Jeff Franklin, the creator and former executive producer of the sitcom and its Netflix reboot Fuller House told The San Francisco Chronicle that he will be listing the five-bedroom, 3.5-bathroom abode by the end of April.

According to the Chronicle, he has not yet determined his asking price.

Franklin — who was fired as the Fuller House producer in 2018 after reported complaints about his behavior in the writers’ room — purchased the San Francisco home for nearly $4 million in 2016. Fuller Housepremiered on Netflix that same year.


While living there, Franklin restored one aspect of the 1883-build to its former Full House glory, painting the previously seafoam-green door back to the red that’s seen on the show. “It will be a lot more fun for the fans because now the house will look like the Tanners really live there,” he said, adding, “It’s a gift to the fans but it’s also fun for me to own it.”

Olga Soboleva, Vanguard Properties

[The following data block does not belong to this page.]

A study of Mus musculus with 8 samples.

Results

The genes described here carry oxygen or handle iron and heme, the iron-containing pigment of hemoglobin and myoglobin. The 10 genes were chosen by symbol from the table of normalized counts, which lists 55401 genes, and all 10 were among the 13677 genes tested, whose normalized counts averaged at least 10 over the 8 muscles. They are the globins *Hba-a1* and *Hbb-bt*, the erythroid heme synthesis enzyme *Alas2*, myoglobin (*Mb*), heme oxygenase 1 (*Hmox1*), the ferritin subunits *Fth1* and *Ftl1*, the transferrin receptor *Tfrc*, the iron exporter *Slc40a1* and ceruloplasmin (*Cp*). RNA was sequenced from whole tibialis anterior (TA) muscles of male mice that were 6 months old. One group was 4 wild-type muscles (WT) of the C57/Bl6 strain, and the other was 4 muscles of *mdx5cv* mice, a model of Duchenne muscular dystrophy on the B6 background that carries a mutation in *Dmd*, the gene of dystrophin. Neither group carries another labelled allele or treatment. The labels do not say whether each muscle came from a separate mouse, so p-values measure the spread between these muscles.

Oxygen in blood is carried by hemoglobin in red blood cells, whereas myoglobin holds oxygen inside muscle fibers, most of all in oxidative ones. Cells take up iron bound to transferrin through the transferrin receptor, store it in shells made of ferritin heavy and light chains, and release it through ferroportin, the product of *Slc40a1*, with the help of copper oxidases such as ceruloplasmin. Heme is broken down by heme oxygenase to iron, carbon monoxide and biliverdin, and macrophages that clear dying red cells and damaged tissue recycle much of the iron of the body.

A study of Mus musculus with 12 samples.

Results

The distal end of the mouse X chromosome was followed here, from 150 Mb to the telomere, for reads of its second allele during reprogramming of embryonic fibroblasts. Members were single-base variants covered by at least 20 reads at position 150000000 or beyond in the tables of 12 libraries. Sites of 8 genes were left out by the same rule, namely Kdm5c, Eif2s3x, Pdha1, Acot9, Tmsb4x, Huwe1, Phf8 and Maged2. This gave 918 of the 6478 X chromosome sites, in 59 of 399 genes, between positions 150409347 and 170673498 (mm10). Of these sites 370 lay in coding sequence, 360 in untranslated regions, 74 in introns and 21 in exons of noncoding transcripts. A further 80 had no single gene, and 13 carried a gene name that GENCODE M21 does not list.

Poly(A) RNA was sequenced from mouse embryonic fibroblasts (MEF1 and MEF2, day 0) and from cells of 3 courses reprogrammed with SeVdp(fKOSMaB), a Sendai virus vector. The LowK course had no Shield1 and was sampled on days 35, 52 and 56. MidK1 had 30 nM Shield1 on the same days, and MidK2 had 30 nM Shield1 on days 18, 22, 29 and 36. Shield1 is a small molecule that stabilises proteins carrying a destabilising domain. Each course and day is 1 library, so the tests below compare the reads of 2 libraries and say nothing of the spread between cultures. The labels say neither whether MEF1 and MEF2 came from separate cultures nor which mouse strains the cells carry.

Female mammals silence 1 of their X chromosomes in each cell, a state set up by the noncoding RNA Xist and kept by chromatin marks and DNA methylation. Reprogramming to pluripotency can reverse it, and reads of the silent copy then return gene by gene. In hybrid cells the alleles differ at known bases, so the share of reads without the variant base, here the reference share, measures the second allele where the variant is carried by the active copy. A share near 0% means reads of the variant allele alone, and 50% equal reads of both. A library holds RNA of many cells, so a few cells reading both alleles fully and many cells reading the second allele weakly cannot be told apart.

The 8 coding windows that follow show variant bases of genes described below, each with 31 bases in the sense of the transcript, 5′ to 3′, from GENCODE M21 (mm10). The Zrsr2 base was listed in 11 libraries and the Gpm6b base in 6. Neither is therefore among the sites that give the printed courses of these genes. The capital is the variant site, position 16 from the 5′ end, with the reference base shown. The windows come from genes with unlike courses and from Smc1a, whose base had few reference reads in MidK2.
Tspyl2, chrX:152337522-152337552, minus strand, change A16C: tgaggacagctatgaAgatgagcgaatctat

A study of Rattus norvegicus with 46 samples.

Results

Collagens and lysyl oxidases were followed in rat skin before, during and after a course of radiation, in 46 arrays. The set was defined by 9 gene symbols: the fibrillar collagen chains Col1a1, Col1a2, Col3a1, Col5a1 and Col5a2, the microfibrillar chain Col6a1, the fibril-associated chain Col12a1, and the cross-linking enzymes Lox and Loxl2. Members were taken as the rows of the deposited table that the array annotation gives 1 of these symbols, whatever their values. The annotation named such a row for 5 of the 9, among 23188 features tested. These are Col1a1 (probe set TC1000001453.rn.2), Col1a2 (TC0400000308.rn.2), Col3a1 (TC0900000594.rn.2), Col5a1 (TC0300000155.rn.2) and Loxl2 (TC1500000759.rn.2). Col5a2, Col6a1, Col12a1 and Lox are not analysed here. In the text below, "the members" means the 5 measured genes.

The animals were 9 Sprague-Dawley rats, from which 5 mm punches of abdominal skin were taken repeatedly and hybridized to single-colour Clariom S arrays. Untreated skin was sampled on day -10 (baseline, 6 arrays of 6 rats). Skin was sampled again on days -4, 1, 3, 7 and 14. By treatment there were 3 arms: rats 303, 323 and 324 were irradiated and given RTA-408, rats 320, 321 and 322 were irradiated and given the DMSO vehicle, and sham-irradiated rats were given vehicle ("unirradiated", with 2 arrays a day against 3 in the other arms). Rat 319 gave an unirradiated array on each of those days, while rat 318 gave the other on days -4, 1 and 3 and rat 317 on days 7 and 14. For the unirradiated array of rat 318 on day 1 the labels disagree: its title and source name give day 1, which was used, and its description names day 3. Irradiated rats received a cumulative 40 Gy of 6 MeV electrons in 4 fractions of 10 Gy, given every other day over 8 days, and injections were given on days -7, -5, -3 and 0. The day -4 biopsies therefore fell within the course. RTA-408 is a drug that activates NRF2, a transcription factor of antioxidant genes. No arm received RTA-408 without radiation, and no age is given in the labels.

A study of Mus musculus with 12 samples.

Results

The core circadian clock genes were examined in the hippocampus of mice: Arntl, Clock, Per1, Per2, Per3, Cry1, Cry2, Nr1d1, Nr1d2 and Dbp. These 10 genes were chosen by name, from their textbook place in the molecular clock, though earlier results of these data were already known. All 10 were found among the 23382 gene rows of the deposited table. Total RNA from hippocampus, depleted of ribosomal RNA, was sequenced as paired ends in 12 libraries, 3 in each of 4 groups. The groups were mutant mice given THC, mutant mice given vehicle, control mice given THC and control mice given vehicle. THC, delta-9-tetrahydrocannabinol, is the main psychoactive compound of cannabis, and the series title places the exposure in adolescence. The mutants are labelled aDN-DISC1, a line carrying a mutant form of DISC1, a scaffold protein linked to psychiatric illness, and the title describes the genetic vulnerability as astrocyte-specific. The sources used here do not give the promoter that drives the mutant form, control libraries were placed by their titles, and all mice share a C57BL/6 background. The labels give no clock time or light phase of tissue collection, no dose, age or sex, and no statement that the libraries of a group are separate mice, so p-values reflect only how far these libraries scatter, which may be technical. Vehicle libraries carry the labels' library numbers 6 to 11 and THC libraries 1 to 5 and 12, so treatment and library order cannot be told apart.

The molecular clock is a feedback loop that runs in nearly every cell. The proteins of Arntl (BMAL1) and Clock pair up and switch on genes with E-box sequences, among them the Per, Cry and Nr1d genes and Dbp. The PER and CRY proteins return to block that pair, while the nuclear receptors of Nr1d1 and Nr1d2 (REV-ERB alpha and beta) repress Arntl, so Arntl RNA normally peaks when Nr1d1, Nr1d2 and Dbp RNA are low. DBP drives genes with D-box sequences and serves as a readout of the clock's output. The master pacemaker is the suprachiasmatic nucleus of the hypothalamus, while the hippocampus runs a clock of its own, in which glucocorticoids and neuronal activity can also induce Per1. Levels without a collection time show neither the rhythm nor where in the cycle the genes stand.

According to the Chronicle, he had also planned to remodel the home’s interior and was issued a building permit to do so in 2017, but neighbors appealed it because the Planning Department didn’t notify them in advance as required.

His neighbors said that Franklin was using the home to garner attention forFuller House, which brought hundreds of tourists to the neighborhood each day, the Chronicle reports. At a discretionary review hearing in December 2017, neighbors claimed that Franklin was planning to overhaul the interior of the home to make it look like the Tanner family house (the actual show was filmed on a sound stage), and they were afraid that would draw more fans to the premises.

The San Francisco Board of Appeals revoked his building permit because of the lack of notification.

Initially, Franklin had plans to rent the space out to a San Francisco fan. “It’s a shame to let it sit empty,” he said of the estate. “I will be renting it out, but I’m not sure yet what, where, when or how. At some point soon I will figure that out.”